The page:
RFID credit cards and (lack of) privacy?

A story over at Slashdot points to an NYT article describing how some researchers cobbled together a device to read those newfangled RFID credit cards. Everything was built using OTS components, and the researchers say an even smaller device could be made. So conceivably, a nefarious bad guy cracker with a modicum of skills could cobble one together, mingle through crowds and lift info off these cards through people's pants and purses.

The finding comes at a time of strong suspicion among privacy advocates and consumer groups about the security of the underlying technology, called radio frequency identification, or RFID. Though the systems are designed to allow a card to be read only in close proximity, researchers have found that they can extend the distance.

The actual distance is still a matter of debate, but the claims range from several inches to many feet. And even the shortest distance could allow a would-be card skimmer to mill about in a crowded place and pull data from the wallets of passersby, or to collect data from envelopes sitting in mailboxes.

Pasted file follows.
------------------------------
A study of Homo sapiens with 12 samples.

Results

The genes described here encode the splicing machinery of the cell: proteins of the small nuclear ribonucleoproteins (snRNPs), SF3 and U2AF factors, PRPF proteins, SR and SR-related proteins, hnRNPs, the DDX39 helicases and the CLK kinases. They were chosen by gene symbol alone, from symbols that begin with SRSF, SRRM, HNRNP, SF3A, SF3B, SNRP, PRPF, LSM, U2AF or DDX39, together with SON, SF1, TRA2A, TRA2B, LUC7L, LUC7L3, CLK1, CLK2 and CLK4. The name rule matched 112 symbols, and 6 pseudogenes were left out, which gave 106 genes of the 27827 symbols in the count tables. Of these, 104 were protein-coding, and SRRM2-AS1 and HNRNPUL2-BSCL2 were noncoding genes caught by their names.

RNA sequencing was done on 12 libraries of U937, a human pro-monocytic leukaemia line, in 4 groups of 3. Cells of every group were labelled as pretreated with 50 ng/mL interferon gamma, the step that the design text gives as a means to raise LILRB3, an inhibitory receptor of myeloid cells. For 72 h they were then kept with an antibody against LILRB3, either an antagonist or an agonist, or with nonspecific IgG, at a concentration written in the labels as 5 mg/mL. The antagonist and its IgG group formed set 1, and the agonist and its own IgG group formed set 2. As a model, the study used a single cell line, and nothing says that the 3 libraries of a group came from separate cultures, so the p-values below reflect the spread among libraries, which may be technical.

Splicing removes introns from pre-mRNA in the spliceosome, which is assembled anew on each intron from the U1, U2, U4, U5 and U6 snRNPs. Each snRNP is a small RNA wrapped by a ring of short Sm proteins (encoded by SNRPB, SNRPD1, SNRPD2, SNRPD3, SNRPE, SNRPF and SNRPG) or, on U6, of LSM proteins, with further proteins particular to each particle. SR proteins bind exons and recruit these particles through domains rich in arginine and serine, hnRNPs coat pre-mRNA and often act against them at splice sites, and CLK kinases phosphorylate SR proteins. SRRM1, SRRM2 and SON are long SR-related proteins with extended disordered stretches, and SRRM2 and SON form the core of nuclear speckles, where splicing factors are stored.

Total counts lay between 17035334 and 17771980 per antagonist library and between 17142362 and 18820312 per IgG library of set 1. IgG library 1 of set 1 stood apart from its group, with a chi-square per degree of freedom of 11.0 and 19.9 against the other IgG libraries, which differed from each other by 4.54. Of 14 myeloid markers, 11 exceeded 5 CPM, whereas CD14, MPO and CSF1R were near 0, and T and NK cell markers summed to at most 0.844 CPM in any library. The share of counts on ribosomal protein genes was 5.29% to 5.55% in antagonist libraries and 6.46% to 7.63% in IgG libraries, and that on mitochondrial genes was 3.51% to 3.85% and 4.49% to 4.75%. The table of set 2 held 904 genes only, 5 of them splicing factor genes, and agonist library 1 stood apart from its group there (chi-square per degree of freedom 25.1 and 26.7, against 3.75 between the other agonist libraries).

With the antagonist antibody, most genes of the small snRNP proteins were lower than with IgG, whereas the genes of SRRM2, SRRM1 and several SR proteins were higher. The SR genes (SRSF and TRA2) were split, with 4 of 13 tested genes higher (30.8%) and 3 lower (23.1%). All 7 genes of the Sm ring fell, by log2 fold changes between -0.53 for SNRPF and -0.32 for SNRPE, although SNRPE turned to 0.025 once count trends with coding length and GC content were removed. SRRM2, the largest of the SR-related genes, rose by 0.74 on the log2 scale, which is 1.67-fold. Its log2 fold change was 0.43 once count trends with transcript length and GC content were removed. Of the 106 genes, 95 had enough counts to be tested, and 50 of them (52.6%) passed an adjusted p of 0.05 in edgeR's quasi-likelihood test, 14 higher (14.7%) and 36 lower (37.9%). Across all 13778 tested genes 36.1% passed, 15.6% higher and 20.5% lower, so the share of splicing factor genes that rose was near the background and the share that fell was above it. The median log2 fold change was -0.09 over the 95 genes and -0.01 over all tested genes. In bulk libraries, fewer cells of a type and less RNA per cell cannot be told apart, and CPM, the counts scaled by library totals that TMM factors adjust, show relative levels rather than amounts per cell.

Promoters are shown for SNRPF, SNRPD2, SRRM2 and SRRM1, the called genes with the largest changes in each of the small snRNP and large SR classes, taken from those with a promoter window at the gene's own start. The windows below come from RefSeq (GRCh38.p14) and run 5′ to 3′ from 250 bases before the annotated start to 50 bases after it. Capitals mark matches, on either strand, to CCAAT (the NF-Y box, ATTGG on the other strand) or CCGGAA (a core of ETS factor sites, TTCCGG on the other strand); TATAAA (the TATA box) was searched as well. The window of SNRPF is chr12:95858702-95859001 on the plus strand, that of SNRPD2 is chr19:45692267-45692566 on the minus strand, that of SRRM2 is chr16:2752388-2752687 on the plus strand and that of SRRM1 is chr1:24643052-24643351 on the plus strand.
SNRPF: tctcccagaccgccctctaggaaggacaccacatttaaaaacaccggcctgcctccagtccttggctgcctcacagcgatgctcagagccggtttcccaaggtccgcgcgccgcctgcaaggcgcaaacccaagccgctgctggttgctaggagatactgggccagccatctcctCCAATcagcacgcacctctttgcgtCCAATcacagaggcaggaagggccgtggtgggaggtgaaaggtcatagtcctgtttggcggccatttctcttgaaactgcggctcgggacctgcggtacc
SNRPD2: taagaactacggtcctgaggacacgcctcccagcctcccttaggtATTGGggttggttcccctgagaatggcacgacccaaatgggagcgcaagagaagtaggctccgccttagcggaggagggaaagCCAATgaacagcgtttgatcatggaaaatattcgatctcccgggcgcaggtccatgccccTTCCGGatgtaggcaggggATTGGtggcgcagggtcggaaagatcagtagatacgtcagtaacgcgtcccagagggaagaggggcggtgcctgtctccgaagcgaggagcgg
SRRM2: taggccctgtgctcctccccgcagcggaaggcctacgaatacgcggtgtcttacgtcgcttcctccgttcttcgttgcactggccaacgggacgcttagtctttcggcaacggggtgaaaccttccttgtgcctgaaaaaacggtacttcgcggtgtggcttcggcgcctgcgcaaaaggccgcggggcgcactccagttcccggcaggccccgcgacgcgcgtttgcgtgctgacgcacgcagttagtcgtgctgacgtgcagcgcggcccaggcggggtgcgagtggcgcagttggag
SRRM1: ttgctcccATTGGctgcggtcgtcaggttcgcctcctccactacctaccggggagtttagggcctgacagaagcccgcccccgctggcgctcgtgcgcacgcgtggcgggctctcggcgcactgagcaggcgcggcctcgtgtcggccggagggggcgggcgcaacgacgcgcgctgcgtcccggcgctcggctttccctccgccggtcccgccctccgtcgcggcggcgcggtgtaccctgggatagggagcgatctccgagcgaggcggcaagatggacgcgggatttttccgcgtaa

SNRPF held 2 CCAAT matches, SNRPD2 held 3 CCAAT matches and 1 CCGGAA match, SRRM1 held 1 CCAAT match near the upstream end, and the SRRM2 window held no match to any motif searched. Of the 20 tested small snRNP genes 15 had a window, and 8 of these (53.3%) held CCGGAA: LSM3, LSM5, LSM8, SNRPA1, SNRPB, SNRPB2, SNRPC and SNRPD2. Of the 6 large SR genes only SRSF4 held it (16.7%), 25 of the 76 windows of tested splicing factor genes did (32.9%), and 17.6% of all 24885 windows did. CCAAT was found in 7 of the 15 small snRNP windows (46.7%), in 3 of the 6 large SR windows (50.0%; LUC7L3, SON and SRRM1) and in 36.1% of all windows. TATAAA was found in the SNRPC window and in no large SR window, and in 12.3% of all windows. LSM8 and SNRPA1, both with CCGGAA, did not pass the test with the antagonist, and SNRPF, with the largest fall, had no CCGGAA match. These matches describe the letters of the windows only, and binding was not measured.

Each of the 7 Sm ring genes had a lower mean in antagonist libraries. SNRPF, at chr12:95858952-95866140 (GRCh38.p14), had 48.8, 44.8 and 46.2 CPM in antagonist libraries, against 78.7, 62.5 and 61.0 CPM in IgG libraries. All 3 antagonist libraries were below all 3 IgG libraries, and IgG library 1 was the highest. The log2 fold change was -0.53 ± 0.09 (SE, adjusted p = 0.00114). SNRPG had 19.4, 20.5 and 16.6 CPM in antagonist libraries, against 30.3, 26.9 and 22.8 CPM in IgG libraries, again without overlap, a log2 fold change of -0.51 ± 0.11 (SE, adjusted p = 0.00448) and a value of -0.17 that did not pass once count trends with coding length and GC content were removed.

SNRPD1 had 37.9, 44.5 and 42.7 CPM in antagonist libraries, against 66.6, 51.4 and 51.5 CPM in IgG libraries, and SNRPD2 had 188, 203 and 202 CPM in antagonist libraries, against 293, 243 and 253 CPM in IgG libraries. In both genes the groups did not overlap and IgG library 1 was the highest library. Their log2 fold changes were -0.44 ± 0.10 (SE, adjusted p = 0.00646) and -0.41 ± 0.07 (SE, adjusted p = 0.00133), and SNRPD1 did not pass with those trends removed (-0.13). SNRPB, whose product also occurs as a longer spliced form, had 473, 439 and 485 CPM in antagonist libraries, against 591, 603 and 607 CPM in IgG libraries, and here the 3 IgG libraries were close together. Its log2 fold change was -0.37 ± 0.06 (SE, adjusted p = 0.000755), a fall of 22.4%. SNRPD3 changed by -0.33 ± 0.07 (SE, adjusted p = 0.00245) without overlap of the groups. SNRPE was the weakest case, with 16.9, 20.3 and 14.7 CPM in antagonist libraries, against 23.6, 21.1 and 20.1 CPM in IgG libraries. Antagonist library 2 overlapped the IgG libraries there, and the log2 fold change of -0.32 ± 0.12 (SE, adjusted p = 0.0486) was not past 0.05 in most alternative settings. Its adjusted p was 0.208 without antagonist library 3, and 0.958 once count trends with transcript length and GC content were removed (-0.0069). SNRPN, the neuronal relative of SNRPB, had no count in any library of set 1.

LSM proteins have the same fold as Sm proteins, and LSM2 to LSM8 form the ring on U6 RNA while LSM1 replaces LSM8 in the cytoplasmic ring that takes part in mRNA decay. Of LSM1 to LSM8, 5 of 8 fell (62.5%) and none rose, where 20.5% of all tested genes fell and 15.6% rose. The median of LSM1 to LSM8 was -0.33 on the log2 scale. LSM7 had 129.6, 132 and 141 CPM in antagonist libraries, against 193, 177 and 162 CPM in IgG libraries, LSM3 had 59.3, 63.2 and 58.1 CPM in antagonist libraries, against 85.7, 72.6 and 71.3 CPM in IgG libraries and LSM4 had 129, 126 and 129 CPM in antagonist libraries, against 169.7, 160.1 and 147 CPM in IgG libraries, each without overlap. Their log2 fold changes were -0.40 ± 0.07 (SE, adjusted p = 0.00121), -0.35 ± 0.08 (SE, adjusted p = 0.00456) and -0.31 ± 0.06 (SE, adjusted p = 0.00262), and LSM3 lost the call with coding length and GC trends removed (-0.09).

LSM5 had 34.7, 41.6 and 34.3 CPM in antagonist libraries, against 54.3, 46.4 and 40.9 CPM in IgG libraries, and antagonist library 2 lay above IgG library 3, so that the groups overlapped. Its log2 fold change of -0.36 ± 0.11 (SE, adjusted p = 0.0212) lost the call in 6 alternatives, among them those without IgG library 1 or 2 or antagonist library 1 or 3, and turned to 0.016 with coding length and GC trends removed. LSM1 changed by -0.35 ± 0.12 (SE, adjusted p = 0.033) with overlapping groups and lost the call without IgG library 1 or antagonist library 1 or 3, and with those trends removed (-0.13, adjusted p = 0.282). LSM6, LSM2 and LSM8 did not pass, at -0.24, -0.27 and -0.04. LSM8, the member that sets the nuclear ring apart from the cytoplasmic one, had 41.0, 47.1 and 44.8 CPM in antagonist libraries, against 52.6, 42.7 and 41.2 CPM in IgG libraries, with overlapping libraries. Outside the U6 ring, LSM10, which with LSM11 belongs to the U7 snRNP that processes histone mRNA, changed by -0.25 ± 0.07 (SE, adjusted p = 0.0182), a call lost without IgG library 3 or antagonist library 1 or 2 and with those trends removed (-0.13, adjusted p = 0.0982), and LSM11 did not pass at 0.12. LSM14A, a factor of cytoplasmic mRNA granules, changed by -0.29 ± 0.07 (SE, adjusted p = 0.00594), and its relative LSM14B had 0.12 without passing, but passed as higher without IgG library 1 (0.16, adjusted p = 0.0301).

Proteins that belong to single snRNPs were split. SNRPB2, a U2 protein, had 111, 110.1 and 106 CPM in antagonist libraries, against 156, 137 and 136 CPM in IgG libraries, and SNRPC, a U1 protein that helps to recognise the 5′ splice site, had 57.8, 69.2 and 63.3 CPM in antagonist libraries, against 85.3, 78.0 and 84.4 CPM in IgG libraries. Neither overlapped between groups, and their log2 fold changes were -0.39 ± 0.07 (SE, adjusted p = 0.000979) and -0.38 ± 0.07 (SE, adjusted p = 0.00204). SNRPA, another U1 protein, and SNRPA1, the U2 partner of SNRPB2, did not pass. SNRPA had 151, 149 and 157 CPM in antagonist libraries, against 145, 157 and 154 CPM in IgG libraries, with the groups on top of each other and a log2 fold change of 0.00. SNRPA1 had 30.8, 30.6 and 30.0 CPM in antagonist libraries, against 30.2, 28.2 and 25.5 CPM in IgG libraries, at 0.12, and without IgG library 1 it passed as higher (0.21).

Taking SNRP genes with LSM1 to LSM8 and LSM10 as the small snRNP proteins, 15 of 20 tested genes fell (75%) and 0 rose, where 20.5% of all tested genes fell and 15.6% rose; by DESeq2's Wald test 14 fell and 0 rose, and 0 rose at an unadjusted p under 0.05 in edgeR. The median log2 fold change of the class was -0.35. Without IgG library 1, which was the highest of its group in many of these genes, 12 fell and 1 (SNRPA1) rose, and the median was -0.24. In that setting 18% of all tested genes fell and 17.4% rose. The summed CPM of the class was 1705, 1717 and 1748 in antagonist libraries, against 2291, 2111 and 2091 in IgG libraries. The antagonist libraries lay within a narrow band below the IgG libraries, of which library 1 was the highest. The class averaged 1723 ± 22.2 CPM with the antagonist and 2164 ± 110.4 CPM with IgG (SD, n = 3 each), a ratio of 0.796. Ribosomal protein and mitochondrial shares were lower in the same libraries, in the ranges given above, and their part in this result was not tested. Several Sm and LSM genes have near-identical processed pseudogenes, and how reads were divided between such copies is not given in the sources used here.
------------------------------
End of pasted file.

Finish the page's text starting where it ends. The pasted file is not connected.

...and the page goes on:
Naturally credit card companies and banks say this is a highly impractical attack method given that other methods (i.e. phishing) are so much more effective. Excellent application of security through obscurity. I guess they haven't learned that even if it might be less practical than current methods, it just becomes another item in the bad guys' arsenal.

NYT also provides a link to a paper by the researchers. It's an interesting read with a lot of good info on how the RFID cards work.